Should I be worried about EIGRP SIA, with a full Mesh topology?

lon21lon21 Member Posts: 201
Dear All,

I'm trying to design a network but our company which is planning to have between 5-6 sites. All sites have backup links which is via a 2Mbps MPLS, 2Mpbs point to point links and main 100Mpbs point to point links.

The plan is to run EIGRP one AS over these sites. Two of the site will house about 30 users and the other sites about 5.

I would like a full mesh topology where each site can reach each other site even if it has to go via another site(s). Each site will have one local router which will terminate its local connection and the main and backup link.

After some research I have been informed that EIGRP can bring a network down based on its Query messages as routers lose routes.

My concern is that I'm not able to use summary address or Stubs as these site could be used to connect to other sites. I'm sure these is something which is common in todays networks.

Is this something which I should be worried about?

Any advise would be appreciated?



  • JackaceJackace Member Posts: 335
    Why would you not be able to use summary routes?

    One of the benefits of summary routes in EIGRP is:

    "Reduces Query scope: EIGRP Query stops at a router that has a summary route that
    includes the subnet listed in the Query but not the specific route listed in the Query."
  • unclericounclerico Member Posts: 237
    If you could provide your prospective network topology in an image that would help. As for SIA and the whole query process, remember that your routes only go active if you don't have feasible successor(s) available. Also, if you are re/designing this from the ground up you have the opportunity to be able to use hierarchical addressing to make for easy summarization. As for stubs, yes, if you are wanting to use these sites for transit to other sites in case of failures then no stub for you. Again, post a schema so we can see. One last thing, any particular reason you chose EIGRP? Just curious...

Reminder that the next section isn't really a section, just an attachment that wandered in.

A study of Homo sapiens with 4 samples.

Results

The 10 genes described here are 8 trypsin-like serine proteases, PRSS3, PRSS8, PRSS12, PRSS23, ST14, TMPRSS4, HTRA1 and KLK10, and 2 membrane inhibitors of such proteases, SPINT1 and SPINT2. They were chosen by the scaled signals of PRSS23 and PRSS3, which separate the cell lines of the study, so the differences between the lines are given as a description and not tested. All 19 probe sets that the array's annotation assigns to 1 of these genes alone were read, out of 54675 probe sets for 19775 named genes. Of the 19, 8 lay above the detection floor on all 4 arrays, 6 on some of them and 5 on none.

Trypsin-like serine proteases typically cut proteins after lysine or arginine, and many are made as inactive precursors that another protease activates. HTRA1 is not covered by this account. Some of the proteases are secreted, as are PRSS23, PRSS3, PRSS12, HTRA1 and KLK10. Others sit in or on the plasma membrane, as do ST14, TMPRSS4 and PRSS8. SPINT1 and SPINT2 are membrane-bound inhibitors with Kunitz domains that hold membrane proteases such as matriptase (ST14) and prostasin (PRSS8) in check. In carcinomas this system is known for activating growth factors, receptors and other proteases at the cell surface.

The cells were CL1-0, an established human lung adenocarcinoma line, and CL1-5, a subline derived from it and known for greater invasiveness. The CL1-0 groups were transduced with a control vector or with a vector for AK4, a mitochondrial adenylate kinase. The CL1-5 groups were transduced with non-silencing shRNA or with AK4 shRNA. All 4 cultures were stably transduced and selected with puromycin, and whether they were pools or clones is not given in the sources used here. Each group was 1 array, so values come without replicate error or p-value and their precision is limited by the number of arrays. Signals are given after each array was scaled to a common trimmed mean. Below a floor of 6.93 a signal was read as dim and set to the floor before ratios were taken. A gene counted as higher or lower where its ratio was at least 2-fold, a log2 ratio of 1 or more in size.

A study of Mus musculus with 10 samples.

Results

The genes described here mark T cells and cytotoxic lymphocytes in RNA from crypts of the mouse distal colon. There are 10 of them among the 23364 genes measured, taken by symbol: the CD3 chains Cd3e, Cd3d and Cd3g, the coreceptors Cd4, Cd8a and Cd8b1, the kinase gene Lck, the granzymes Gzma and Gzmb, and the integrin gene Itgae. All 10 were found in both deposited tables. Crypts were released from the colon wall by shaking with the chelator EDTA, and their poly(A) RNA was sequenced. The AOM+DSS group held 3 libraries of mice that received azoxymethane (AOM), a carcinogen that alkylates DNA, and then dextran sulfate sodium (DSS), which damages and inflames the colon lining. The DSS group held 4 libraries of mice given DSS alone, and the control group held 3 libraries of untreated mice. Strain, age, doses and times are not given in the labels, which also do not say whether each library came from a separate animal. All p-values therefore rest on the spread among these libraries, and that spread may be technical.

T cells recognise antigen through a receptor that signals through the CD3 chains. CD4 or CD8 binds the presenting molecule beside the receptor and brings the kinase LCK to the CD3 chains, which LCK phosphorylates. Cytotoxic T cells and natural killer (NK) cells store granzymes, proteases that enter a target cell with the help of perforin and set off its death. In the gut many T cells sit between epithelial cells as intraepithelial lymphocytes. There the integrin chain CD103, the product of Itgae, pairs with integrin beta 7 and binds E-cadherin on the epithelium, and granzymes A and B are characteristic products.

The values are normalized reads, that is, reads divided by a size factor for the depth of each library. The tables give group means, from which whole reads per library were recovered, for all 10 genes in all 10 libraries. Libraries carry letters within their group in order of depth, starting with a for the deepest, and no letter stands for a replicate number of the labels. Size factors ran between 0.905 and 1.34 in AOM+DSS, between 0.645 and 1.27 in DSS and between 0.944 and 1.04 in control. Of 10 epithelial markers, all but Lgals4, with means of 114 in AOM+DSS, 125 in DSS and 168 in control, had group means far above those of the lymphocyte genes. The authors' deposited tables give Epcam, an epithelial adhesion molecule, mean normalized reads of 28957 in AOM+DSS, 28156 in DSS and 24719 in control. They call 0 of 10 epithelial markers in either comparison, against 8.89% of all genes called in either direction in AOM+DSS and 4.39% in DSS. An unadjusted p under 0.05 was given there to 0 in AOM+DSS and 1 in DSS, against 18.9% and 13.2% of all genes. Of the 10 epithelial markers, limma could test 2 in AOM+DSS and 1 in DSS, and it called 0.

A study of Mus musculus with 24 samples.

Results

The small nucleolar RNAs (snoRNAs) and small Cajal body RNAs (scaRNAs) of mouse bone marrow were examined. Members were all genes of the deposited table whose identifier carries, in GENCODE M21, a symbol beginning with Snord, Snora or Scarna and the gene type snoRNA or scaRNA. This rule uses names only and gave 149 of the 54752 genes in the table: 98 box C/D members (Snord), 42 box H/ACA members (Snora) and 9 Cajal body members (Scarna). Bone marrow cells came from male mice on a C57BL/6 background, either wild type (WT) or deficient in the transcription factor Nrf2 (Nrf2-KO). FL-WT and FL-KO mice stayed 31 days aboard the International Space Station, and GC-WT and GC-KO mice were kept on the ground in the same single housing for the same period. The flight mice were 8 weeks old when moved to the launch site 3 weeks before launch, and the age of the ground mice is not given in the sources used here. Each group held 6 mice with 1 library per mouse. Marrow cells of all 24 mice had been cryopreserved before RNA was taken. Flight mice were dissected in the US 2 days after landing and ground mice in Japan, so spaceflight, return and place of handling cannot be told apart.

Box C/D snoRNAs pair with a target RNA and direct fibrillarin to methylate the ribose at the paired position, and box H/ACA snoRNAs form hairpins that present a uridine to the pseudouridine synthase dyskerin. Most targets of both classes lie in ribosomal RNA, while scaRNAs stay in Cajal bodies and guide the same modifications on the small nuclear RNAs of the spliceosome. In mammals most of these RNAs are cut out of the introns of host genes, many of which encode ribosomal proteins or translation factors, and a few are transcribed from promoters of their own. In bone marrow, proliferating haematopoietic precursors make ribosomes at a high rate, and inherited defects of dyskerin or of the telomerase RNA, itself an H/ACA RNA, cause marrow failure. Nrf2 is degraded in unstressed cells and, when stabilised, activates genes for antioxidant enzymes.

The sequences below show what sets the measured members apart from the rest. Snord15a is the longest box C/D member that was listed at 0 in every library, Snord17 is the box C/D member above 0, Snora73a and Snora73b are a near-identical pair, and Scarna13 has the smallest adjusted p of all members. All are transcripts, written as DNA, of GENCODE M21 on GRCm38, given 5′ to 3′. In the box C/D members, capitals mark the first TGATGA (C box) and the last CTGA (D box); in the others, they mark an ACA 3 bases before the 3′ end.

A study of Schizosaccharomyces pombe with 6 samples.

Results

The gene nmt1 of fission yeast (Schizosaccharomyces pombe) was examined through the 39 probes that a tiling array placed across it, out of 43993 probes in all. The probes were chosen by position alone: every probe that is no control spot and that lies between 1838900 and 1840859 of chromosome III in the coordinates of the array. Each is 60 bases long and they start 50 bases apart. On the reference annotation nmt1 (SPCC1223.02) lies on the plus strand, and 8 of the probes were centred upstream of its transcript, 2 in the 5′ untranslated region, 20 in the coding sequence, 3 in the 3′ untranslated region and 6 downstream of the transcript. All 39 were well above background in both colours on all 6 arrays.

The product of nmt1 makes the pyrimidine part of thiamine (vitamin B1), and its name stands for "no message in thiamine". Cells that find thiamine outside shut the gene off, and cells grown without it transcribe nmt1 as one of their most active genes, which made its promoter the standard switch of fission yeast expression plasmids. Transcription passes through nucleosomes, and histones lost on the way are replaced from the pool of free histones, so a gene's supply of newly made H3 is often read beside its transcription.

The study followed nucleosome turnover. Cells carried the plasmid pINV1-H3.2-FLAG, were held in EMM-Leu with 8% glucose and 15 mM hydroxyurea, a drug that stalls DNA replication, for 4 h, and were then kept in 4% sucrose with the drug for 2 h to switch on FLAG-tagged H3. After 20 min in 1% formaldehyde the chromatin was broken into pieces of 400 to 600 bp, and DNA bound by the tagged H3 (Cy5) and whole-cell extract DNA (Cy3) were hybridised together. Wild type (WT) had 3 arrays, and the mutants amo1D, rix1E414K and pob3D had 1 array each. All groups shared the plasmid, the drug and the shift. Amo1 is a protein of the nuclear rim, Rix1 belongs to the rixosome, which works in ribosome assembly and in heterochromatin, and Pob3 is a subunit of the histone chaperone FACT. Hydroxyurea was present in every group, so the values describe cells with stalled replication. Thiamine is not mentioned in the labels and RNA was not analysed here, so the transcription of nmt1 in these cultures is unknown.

Preparing for CCIE Written
  • lon21lon21 Member Posts: 201
    As each site would be a transit site to reach other sites, the summary routes would all be the same. The summary address itself would be the same for each site. Unless I'm incorrect, my understanding of the summary address is that it informs its neighbours that these are the networks I can reach, as the network is a full mesh each site can reach each site.

    The choice was EIGRP as we have Cisco routers at all sites, easy to configure and fast convergence . Would you recommands using OSPF, any reason why?

    I'll draw a diagram this evening.

  • NetworkVeteranNetworkVeteran Member Posts: 2,338 ■■■■■■■■□□
    lon21 wrote: »
    The choice was EIGRP as we have Cisco routers at all sites, easy to configure and fast convergence . Would you recommands using OSPF, any reason why?
    A common reason folks recommend OSPF over EIGRP is because it doesn't tie you down to a single vendor. You could easily deploy, for example, a Juniper router at a later time. A similar no-summary OSPF configuration can be as simple as typing "ip ospf 1 area 0", and its convergence time is plenty good enough for many ISPs and large enterprises.

    Note: I'm not making a recommendation as I don't know you nor your network well.

    I have a friend who only deploys EIGRP. In his case it makes great sense--he builds and support many networks, and to simplify that he's chosen to always go with one vendor and one routing protocol. He began with IGRP, so EIGRP was the simplest path.
  • unclericounclerico Member Posts: 237
    The possibility of using summaries still exists; it all just depends on how things are laid out. When I get a chance I'll draw something up. Hopefully you can get to your schema and post it so I can use it as a baseline.
    Preparing for CCIE Written
  • lon21lon21 Member Posts: 201

    Extremely sorry, not had much time therefore I done a quick draw on the sites and its links. The 100Mb & 2Mb are L2 links and MPLS is L3 (managed).